Comic books, Cole Sprouse and cliffhangers

Kristen Riello

There’s a point in every pilot episode when hopeful viewers either get hooked or shut the television off. The verdict on “Riverdale, The CW’s new show? After just six episodes into the first season, the show was already renewed for a second season. That can tell you all you need to know.

So what makes this show binge-worthy? What makes it different from every other show out there? It’s based on the classic 1940s Americana comic, “Archie.” You remember: the goofy redheaded football star, his sarcastic, outcast friend Jughead Jones, the singing group Josie and the Pussycats and best friend duo Betty and Veronica, all set in the town of Riverdale.

But the one thing “Riverdale” has that the wholesome “Archie” comics didn’t? Murder.

In the opening of the series, it is revealed that on July 4, Cheryl Blossom’s twin brother Jason drowned after falling overboard on a boat. We find out later in the episode that there’s more to Jason’s death than just an “accidental” drowning.

Meanwhile, Archie spent his summer earning six-pack-abs by working construction with his father, writing songs on his guitar and having a steamy affair with his music teacher, Ms. Grundy. The affair isn’t even the darkest secret that the pair is keeping. And to those of you who remember Ms. Grundy from the comics: no, she is not an old, gray-haired woman. “Riverdale” has revamped her to be a young, sultry and smart brunette.

In the present, Betty Cooper is convinced by her gay best friend, Kevin Keller, to finally act on her romantic feelings for Archie. She’s interrupted while trying to leave the friend-zone by the arrival of the rich and beautiful town-newbie, Veronica Lodge, who moves to the town after her father is sent to jail for embezzlement.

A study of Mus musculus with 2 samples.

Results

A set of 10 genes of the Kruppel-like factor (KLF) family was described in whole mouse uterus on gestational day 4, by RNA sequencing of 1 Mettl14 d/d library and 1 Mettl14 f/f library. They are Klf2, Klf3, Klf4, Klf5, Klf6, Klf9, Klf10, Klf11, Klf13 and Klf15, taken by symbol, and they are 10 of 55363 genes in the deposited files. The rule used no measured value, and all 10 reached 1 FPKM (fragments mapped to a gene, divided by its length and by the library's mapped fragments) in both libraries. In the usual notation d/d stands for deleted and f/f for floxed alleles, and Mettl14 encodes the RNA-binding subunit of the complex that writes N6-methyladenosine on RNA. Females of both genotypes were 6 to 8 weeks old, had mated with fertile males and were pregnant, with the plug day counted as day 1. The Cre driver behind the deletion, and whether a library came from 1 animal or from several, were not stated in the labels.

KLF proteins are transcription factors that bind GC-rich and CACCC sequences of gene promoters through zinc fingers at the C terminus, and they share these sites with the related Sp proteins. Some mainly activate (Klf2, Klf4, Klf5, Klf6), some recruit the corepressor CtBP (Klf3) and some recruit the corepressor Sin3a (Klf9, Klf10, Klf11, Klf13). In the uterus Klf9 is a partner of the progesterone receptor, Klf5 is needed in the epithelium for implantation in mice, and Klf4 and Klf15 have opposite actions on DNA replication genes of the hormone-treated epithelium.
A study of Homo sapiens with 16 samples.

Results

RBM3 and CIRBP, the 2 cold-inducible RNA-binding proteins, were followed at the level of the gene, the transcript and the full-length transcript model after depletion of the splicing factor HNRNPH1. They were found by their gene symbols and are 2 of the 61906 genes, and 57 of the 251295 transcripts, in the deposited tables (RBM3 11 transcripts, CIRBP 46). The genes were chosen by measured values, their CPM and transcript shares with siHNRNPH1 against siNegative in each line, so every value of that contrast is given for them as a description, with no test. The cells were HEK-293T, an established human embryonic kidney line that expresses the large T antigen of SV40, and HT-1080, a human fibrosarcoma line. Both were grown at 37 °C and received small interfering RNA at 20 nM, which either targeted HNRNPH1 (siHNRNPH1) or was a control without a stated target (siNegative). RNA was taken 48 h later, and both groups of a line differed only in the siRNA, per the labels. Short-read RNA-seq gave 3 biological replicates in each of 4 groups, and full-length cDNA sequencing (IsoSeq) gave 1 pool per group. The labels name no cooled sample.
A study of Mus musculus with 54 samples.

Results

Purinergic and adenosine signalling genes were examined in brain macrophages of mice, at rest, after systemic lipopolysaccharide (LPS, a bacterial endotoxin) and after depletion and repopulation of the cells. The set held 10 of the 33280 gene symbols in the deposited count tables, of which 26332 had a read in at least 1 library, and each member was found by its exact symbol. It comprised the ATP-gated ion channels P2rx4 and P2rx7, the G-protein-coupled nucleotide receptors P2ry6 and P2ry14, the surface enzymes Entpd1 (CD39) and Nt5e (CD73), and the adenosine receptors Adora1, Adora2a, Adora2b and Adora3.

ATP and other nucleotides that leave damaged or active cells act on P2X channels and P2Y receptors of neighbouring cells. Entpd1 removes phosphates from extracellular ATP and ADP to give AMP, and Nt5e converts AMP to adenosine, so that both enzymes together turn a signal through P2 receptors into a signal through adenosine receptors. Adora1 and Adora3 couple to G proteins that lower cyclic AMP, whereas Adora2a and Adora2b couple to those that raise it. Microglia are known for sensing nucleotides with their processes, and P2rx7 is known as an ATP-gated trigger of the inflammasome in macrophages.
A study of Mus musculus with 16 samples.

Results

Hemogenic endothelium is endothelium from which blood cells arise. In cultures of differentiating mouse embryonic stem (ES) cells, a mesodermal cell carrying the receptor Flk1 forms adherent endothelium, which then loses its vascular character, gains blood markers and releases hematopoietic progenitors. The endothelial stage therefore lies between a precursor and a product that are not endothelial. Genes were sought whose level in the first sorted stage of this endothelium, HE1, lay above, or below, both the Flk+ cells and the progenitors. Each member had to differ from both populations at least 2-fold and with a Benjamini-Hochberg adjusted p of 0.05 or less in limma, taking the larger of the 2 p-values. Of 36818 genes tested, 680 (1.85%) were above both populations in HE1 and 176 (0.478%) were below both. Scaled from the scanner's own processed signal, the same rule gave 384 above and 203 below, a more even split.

While most of the cast are newcomers or vaguely familiar faces, one cast member sticks out: Cole Sprouse who plays the brooding outsider, Jughead Jones. After Disney’s “The Suite Life of Zack and Cody,” the Sprouse twins went off to college and put their acting careers on hold. Cole Sprouse’s sans-twin debut back into the spotlight is edgy and unforgettable, sporting darker locks with an angst-filled twist on the classic character. The show is narrated by Sprouse’s character through the manuscript Jughead is writing about Jason’s murder and the key events that relate to it. Not only does Sprouse’s performance shine, but in the fourth episode of the series, a major plot twist also gives Jughead Jones a much deeper backstory, pulling you into the world of his character even further.

The show also has a mix of representation, showcasing characters that are gay, straight, bisexual, black, white and Latino. But The CW doesn’t sugarcoat any of this. When Archie wants to help Josie and the Pussycats by writing songs, Josie immediately rejects him and calls him out on his white privilege, explaining that the girls named themselves after the fact that they have to “claw our way into the same rooms that you can just waltz into.”

The series also tackles issues such as homophobic jocks and slut shaming, both addressed by Betty and the school newspaper. One quote perfectly sums up the way most of the characters in “Riverdale” feel: “Can’t we, in this post-James Franco world, be all things at once?”

The show’s specific aesthetic has brought a dark twist on the classic “Archie” bubblegum, high school look. Bringing in pops of neon color with an almost theater-like set, there’s a definitive tone the show brings which sets a mood to perfectly pair with the content of the series. The warping of the all-American comic is dark and slightly haunting, with nods to “Twin Peaks” through wide shots of the Riverdale welcome sign and a quirky dark humor to not only the script but also the set.

“Riverdale” is a multifaceted, creative twist on the classic comics, packed with mystery, sex, humor, cliffhangers, diversity and in-depth story lines, and we’ve only just begun. The show is definitely certified binge-worthy, earning an 87 percent on Rotten Tomatoes. The pilot can be found on The CW’s website so you can see for yourself. Otherwise, catch it Thursday nights at 8 p.m. on The CW.